February 25, 2021

Read the full premiere on Flaunt.com!

Indie band The High Plains Drifters have been making a name for themselves with their overtly catchy anthems, amalgamated soundscapes, and tongue in cheek lyrics that tell the ever relatable stories of love lost and found. True to form, “Since You’ve Been Gone,” the lead single which tells the story of heartbreak, serves as a taste of what’s to come on their forthcoming second album which reimagines the spark of eighties new wave with a twist of seventies rock.

Today, Flaunt is exclusively premiering their out of this world lyric visualizer for the single. Directed by Lars Jørgen Sundnes Skaland, the visual depicts the story of a spaceman grasping for comfort as the memory of his love recedes into the vastness of outer (and inner) space.

Speaking on the record, Studnicky states, “The song was written years ago from a place of great pain. I was young, naive, and believed I had found my ‘one and only’. I was over the moon for her, so high that I could’ve been orbiting the sun, but she crashed me to earth in a fireball that burned my heart to a crisp. Being dumped by her triggered this song’s lyrics and melody. As I wrote the lyrics, I sought to capture that sense of devastation that comes from a huge heartbreak. There’d be no brave face on this song’s narrator: he feels nothing but a crushing sense of loss and longing, and he’s too embarrassed to admit to anyone that she’s gone.”

The High Plains Drifters create music that embodies pure nostalgia and stories we can all relate to. Led by frontman Larry Studnicky (lead vocals, lyricist), the band includes John Macom (rhythm/electric guitars, lead/backup vocals), Mike DoCampo (rhythm/electric guitars, backup vocals), Kyle Cassel (drums, backup vocals), Charles Czarnecki (keys, accordion, backup vocals], and Dave Richards [bass, backup vocals).


Why did you choose “Since You’ve Been Gone” as the first single?

The song is a good representation of our forthcoming second album’s prevailing theme: love lost, and love found (or almost found). It’s also representative of the musical influences that have been brought to bear on the new album. I write many of my songs in a “storyteller” style, songs like that were all over radio in the 1970’s when I was young and first becoming obsessed with music. But then came my favorite decade of modern music: the 80’s. All of us in The High Plains Drifters devoured 80’s music. When we can pull it off, we’re looking to mesh a storyteller’s lyrics with some of the sounds that kept us out all night in Manhattan clubs during that decade.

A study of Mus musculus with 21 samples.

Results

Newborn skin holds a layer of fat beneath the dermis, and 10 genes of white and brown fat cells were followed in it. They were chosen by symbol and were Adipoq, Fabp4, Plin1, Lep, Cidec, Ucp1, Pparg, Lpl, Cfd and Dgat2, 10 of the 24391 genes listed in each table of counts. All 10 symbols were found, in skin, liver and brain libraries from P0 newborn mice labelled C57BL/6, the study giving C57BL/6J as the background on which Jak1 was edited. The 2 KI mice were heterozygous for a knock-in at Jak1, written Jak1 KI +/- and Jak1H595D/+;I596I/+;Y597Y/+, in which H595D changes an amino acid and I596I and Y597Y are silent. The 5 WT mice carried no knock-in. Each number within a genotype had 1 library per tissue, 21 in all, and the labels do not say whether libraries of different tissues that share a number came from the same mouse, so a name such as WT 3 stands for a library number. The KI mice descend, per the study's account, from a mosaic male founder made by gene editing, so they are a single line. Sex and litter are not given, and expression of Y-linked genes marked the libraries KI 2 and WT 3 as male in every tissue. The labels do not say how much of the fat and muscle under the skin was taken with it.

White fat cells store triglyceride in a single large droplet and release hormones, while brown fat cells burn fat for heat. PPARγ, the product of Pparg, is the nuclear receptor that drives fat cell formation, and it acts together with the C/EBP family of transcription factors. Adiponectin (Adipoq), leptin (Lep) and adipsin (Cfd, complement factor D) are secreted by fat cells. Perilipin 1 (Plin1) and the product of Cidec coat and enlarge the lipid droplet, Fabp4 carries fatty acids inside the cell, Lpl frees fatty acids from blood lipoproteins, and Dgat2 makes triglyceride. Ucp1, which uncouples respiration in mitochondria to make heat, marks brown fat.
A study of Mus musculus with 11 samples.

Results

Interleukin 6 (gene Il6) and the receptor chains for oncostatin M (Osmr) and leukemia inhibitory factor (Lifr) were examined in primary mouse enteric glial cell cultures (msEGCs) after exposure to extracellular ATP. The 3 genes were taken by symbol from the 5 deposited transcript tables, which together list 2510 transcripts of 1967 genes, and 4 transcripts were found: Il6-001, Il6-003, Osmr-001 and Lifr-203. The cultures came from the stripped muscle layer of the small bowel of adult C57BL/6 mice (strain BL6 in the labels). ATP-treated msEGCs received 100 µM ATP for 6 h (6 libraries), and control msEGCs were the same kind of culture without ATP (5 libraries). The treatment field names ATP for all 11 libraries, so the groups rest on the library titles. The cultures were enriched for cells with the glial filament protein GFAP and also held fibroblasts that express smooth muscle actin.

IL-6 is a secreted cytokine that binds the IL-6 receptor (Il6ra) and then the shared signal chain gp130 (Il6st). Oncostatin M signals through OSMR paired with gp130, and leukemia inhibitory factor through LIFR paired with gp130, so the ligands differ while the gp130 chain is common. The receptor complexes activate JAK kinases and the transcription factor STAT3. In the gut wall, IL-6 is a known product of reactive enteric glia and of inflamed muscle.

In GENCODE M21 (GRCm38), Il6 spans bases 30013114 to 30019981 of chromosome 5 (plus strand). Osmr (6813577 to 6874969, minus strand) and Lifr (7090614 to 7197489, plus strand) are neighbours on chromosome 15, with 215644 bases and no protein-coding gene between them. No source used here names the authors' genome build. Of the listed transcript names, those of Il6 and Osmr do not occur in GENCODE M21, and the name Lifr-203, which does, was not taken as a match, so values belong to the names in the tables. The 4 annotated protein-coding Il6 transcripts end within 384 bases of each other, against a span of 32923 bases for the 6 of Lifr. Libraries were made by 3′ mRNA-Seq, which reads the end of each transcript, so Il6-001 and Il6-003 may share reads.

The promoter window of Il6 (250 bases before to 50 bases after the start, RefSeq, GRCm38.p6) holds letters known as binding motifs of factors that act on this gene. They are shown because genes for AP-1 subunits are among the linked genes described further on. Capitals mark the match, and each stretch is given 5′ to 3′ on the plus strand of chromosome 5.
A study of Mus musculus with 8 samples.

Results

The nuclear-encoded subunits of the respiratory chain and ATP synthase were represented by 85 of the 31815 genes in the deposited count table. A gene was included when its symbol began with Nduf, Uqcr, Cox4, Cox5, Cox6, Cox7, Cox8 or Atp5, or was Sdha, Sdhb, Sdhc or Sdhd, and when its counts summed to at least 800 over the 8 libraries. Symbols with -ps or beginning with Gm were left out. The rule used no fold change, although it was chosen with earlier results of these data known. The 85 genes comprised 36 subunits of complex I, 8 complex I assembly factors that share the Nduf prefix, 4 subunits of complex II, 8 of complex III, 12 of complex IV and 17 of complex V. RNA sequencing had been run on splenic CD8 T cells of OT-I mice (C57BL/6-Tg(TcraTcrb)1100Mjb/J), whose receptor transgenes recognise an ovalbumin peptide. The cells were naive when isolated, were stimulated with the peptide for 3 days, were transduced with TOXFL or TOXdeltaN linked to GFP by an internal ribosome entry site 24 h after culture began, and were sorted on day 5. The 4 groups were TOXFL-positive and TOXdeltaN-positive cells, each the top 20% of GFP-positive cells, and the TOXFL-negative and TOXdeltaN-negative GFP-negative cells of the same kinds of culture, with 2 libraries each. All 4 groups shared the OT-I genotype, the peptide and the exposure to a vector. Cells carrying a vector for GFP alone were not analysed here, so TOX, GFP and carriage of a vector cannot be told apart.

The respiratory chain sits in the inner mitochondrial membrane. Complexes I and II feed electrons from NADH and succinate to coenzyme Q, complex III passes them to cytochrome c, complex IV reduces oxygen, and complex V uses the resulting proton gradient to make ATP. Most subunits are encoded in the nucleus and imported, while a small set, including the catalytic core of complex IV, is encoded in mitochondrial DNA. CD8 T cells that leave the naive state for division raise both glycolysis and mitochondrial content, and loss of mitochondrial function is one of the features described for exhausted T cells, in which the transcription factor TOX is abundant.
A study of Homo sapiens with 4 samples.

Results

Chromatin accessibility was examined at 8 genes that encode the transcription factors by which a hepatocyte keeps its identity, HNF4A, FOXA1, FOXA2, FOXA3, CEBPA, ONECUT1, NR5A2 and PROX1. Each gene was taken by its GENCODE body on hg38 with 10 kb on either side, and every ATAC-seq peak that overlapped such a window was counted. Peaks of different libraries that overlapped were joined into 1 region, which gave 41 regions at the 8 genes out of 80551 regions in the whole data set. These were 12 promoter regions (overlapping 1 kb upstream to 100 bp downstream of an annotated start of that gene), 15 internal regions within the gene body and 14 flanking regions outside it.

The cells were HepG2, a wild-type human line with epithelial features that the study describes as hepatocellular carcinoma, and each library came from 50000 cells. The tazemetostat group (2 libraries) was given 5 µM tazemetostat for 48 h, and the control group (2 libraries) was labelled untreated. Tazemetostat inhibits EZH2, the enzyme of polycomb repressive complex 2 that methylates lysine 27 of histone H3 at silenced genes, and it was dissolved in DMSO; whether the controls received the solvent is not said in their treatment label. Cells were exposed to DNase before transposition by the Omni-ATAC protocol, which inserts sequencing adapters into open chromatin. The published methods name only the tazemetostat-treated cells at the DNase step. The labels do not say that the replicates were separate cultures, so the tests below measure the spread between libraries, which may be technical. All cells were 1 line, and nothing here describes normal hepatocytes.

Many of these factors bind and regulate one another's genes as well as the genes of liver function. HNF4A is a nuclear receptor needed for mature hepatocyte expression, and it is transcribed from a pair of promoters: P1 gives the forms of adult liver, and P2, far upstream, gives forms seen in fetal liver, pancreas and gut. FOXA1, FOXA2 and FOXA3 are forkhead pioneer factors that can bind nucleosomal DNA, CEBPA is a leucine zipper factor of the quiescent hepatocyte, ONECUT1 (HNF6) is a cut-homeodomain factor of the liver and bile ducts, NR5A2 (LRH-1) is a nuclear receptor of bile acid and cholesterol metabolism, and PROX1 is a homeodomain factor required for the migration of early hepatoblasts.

What can fans expect from your second album?

It’ll be more musically-focused and probably devoid (for the most part) of the country-leaning or Americana influences that my songwriting picked up in the 70’s. We’re halfway done with the album, and (as much as I hesitate to boast) the first 6 songs are upbeat and catchy as heck. The band and our producer, Greg Cohen, have done an amazing job of elevating the lyrics and melodies I’ve introduced into the mix. The album tells some cool stories: about New York City viewed through the lens of an apocalypse (the song is called “Nuclear Winter”), about a guy pleading desperately with a married woman to bolt with him (“Ruby Run Away With Me”), and about a gal who’s missing an ex-boyfriend for some pretty messed-up reasons (“He Reminds Me Of You”).

We’ve enjoyed the moniker “genre-bending” that some reviewers slapped on our debut album, and we don’t want to disappoint. There’s even a song on this record done as a bossa nova tune. I didn’t hear it in my head that way, but that’s the way Greg heard when I first sang the demo and the band’s turned it into an amazingly sweet bossa nova song. I’ll be really curious to see how that one’s received.